The SugerAgers’ Secret to a Perfect Memory

Conventional medicine has always instilled in us that as you age, your memory is supposed to fade. But that couldn’t be farther from the truth.

The fact is, there are people living among us—well into their 80’s—whose brain function and memory performance are as good as those half their age.  

These people are known as SuperAgers. And today, I want to tell you about some of the unconventional ways they keep their minds and memories sharp in their golden years.

The brain of a SuperAger

In a recent study, Northwestern University’s Dr. Emily Rogalski, a SuperAger researcher, breaks down what she found when comparing the brains of typical people with those of SuperAgers.

First, she looked at the outer layer of the brain—which contains neurons crucial to thinking—of the average 80-year-old versus that of an average 50-year-old.

Not surprisingly, she found the outer brain layer in the typical 80-year-old was significantly thinner than those 30 years younger.

But when she compared SuperAgers with average 50-to-60 year old’s, there was no significant thinning. In fact, the SuperAgers’ brains were indistinguishable from the younger group.

Even more exciting: Dr. Rogalski found that one particular area of the brain called the anterior cingulate—a key part of attention and memory—was actually thicker in SuperAgers than those in their 50’s or 60’s.

What makes SuperAgers different from everybody else?

It’s tempting to brush aside SuperAgers as a biological fluke. But as she began to gather the life stories of these people, Dr. Rogalski discovered some fascinating similarities…

First, not all of them are in “perfect” health. Even though they weren’t experiencing cognitive decline, some had other health issues to manage.

Second, these people were not all highly schooled doctors and lawyers who had an extra educational advantage. In fact, most participants only had a high school education.

Overall, it appears that SuperAgers’ exceptional cognitive abilities are due, at least in part, to adopting certain positive mindsets and activities. Here are some examples…

  • Being highly engaged in life, rather than becoming sedentary. For example, some of the SuperAgers in the study continued to work through their 80’s. And some have even gone back to school to get new training for a second career.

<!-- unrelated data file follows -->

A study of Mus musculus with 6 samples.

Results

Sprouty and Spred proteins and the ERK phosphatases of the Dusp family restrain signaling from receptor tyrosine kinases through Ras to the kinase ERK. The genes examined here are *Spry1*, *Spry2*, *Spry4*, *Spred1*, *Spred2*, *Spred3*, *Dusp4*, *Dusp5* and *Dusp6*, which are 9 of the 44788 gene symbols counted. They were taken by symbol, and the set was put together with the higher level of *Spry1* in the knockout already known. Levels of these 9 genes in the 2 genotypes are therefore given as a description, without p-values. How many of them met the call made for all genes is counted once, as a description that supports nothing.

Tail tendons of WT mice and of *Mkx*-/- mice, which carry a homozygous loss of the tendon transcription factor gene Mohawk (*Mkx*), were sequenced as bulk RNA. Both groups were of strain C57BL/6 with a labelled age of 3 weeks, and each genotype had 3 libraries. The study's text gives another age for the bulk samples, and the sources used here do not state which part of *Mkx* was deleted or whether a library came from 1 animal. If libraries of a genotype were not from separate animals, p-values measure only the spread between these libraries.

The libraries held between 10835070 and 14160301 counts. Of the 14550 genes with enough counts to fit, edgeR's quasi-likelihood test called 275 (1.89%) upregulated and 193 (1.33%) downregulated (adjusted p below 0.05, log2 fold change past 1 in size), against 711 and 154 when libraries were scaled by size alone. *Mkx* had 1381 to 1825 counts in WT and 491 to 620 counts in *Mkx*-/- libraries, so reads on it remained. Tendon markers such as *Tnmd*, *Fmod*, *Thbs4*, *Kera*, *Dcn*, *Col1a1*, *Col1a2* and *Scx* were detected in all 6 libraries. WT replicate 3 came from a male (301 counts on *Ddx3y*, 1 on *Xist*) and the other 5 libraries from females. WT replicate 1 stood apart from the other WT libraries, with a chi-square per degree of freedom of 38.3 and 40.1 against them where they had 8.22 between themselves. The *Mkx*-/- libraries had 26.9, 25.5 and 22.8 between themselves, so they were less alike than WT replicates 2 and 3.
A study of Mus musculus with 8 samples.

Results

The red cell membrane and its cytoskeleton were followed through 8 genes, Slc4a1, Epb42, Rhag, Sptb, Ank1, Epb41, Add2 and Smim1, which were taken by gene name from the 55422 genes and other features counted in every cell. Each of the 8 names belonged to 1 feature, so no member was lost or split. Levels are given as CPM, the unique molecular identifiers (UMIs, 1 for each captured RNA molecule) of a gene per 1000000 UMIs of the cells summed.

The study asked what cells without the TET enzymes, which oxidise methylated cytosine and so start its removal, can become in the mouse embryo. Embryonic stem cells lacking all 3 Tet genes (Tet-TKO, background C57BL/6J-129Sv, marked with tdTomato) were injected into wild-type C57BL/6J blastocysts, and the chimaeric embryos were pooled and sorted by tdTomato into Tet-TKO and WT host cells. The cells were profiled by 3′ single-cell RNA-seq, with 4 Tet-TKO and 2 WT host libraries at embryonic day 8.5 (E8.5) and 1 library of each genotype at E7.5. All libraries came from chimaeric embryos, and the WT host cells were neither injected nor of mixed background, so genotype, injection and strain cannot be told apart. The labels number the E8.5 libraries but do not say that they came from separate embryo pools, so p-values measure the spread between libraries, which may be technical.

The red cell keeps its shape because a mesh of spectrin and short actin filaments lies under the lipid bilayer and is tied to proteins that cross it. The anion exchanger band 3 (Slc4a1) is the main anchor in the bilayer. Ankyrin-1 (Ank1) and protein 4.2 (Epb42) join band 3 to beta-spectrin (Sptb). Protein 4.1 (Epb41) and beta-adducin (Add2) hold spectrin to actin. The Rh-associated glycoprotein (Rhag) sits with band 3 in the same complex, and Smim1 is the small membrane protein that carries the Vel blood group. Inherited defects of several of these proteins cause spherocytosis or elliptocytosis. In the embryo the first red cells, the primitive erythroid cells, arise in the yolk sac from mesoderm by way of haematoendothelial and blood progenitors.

• Building resilience to stress—instead of covering it over with substances or ignoring it altogether.
  • Viewing their life’s “low points” as learning opportunities rather than being a “victim.”
  • Developing and maintaining strong positive relationships with others.
  • Rejecting the notion that disease is a “normal” part of aging.
  • Believing that you can improve your life by taking concrete steps to do so—like learning and practicing a new skill.

On the path to becoming a SuperAger

In addition to the points above, research also shows that rhythmic sound promotes a healthy mind and memory. Here are a few simple tips to help you add more sound healing into your life: 

1. Regularly listen to the music of your youth.  

A 2019 study recently demonstrated how actively reliving past memories—particularly those involving nostalgic music and movement—helps to support memory, mood, and social interactions. I go into more detail about this here.

Here’s a great playlist to get you started. I made it for my dad—Ralph—to help him recover from cancer treatments recently.

2. Exercise with music

In 2017, Japanese researchers published a year-long study on the effects of music and exercise on brain cell loss. They found that regular exercise accompanied by music can potentially delay age-related cognitive decline, especially in older adults.

You can read more about this here.

3. Protect your telomeres by strengthening your vagal tone

A 2018 study on cellular aging found that techniques that improve vagal tone—including sound-based vagal nerve stimulation (VNS), meditation, and breathwork—help to strengthen and even lengthen telomeres.

Telomeres are the little “caps” at the end of your DNA strands in each of your chromosomes that protect your DNA—and thus your overall health—from degrading.

You can learn more about how this works here.

And here’s an exercise I do every day to keep my vagal tone strong.

Finally, never let your age get in the way of taking action to build your health. Right now is the perfect time to start your own SuperAger routines. All you need to do is take that first step!


Sources:

https://www.feinberg.northwestern.edu/research/news/podcast/what-makes-someone-a-superager.html

Choo, T., Barak, Y., and East A., (2019). The Effects of Intuitive Movement Re-embodiment on the Quality of Life of Older Adults With Dementia: A Pilot Study. American Journal of Alzheimer’s Disease and Other Dementias. Retrieved from: journals.sagepub.com/doi/10.1177/1533317519860331

Tabei, K. et al. (2017). Physical Exercise With Music Reduces Gray and White Matter Loss in the Frontal Cortex of Elderly People: The Mihama-Kiho Scan Project. Frontiers in Aging Neuroscience. 9: p. 174. Retrieved from: ncbi.nlm.nih.gov/pmc/articles/PMC5461259/

Kumar S., Yadav R., Yadav R., Tolahunase M., and Dada R. (2015) Telomerase activity and cellular aging might be positively modified by a yoga-based lifestyle intervention. Journal of Alternative and Complementary Medicine. 21(6): pp. 370-372. Retrieved from: ncbi.nlm.nih.gov/pubmed/25964984


Jim Donovan M.Ed., is a professional musician and educator. He's an Assistant Professor at Saint Francis University where he teaches music and how the power of sound can help you experience a healthier life.